A few months ago on the lttng-dev mailing list, Milian Wolff reported that his test application was seeing noticeable startup delays because it was linked against liblttng-ust. He didn't start a tracing session and his test program didn't call any code in liblttng-ust. In fact, the test program contained fewer lines of code than a standard Hello, World! application:

int main()
{
	return 0;
}

Preventing trace event record loss with LTTng-UST's blocking mode


If you've ever suffered from lost trace event records when using LTTng-UST then you might be interested to know that LTTng 2.10 includes a new feature to prevent that from happening: blocking mode support for channels.

This long-awaited feature makes it possible for LTTng-UST to wait until space becomes available in the trace buffers instead of losing existing event records when new ones arrive.

Create virtual LTTng environments with vlttng


  1. Uninstall the current version (2.8).
  2. Check out version 2.7.
  3. Configure, build, and install version 2.7.

This whole manual process becomes painful over time. I'm not even mentioning the situations where I also need to test different versions of the tools' dependencies, like Glib and Libxml2. The same laborious process applies to Babeltrace.

In an ideal world, I would have multiple environments containing different versions and configurations of the tools and dependencies which form the LTTng ecosystem. This is totally possible with the various environment variables and configure flags (--prefix, --with-lttng-ust-prefix, and the rest) of the projects. And this is exactly what vlttng exploits to achieve this. vlttng is a project I've been working on in my spare time.

In this article I explain what vlttng is exactly, after which I show a concrete example.

Tracing Java applications on Linux using the LTTng-UST Java agent

Hi everyone! Alexandre here.

In this blog post, I will demonstrate how to generate LTTng traces from the Trace Compass viewer using the LTTng-UST Java agent integration. This should effectively explain:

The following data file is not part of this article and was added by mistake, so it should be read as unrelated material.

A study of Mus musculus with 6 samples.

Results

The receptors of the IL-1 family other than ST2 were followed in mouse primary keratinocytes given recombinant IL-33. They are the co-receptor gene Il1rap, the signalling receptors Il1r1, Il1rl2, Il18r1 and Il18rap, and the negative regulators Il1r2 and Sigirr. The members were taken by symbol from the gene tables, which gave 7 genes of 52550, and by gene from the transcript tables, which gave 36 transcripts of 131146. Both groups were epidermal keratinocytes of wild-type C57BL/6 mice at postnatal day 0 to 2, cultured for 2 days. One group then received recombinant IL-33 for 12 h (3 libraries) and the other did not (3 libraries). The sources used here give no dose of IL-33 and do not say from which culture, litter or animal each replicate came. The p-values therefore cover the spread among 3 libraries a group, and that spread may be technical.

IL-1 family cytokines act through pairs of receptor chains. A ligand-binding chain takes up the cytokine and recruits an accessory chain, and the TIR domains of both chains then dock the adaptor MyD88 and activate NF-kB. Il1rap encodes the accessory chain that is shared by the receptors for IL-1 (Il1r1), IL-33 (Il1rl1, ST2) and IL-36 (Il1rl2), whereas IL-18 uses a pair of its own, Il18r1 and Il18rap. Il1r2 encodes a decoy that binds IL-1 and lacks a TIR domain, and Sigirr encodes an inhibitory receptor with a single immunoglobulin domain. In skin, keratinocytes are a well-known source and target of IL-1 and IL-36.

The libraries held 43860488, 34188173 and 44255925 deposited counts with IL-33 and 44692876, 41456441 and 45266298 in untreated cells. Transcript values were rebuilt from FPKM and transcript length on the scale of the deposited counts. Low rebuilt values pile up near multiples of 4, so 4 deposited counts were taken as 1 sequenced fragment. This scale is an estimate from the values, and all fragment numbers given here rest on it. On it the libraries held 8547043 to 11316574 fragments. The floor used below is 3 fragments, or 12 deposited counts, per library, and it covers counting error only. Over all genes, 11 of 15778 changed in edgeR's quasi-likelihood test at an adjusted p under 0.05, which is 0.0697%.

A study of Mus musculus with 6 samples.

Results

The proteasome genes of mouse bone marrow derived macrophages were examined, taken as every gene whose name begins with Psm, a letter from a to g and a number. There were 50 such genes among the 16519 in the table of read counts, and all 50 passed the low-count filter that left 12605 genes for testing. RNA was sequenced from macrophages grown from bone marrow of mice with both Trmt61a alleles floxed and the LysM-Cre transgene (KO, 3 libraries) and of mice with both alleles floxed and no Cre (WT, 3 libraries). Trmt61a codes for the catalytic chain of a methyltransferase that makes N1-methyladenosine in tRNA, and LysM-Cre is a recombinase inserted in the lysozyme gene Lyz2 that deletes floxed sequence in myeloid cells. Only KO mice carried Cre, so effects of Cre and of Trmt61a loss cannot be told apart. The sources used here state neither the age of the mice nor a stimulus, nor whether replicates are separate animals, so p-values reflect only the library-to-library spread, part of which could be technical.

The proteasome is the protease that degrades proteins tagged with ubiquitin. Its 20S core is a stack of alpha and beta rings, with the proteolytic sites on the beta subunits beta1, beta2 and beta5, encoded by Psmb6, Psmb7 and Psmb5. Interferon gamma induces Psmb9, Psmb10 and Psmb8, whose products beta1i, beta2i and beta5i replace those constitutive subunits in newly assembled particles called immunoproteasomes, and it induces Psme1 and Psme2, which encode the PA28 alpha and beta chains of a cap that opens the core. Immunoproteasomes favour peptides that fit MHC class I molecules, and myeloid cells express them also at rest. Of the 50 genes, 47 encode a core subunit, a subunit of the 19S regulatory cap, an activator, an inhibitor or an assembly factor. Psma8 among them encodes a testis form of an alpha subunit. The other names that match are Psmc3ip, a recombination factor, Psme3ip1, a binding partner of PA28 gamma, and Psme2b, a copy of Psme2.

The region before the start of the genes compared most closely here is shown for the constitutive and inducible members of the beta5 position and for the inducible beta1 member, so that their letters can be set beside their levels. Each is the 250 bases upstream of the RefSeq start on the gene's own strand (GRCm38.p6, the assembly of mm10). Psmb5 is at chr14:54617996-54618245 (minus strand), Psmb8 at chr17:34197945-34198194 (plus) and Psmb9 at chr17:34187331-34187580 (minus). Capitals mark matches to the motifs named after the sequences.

1. How to obtain LTTng traces from any Java application instrumented with java.util.logging tracepoints.
  2. How to trace the Trace Compass application.

This is basically an update of Tutorial: Tracing Java Logging Frameworks for LTTng 2.7 and above. I will also go into more details regarding how to use configuration files and how to record Trace Compass traces.

Announcing barectf 2.1


The major new feature is the ability to include one or more external YAML files as the base properties of the metadata, clock, trace, stream, and event objects.

I wrote a few "standard" partial configuration files which are installed with barectf 2.1.

I moved all the single-page documentation to a more organized project wiki. This could eventually be moved again to a standalone website if need be.

This new version also allows optional object properties to be forced to their default values by setting them to null, not unlike CSS3's initial keyword. This is useful when using type inheritance or inclusions, for example:

type-aliases:
  base-int:
    class: int
    size: 23
    align: 16
    base: oct
  child-int:
    $inherit: base-int
    base: null

In the example above, the child-int type object inherits its parent's base property (oct), but it's reset to its default value (dec) by setting it to null.

I also added configuration file tests to the project. The tests are executed by LTTng's CI tool. The testing framework only depends on Bash. Those tests highlighted a bunch of bugs here and there which I fixed.

A summary of the changes is available in the new barectf changelog.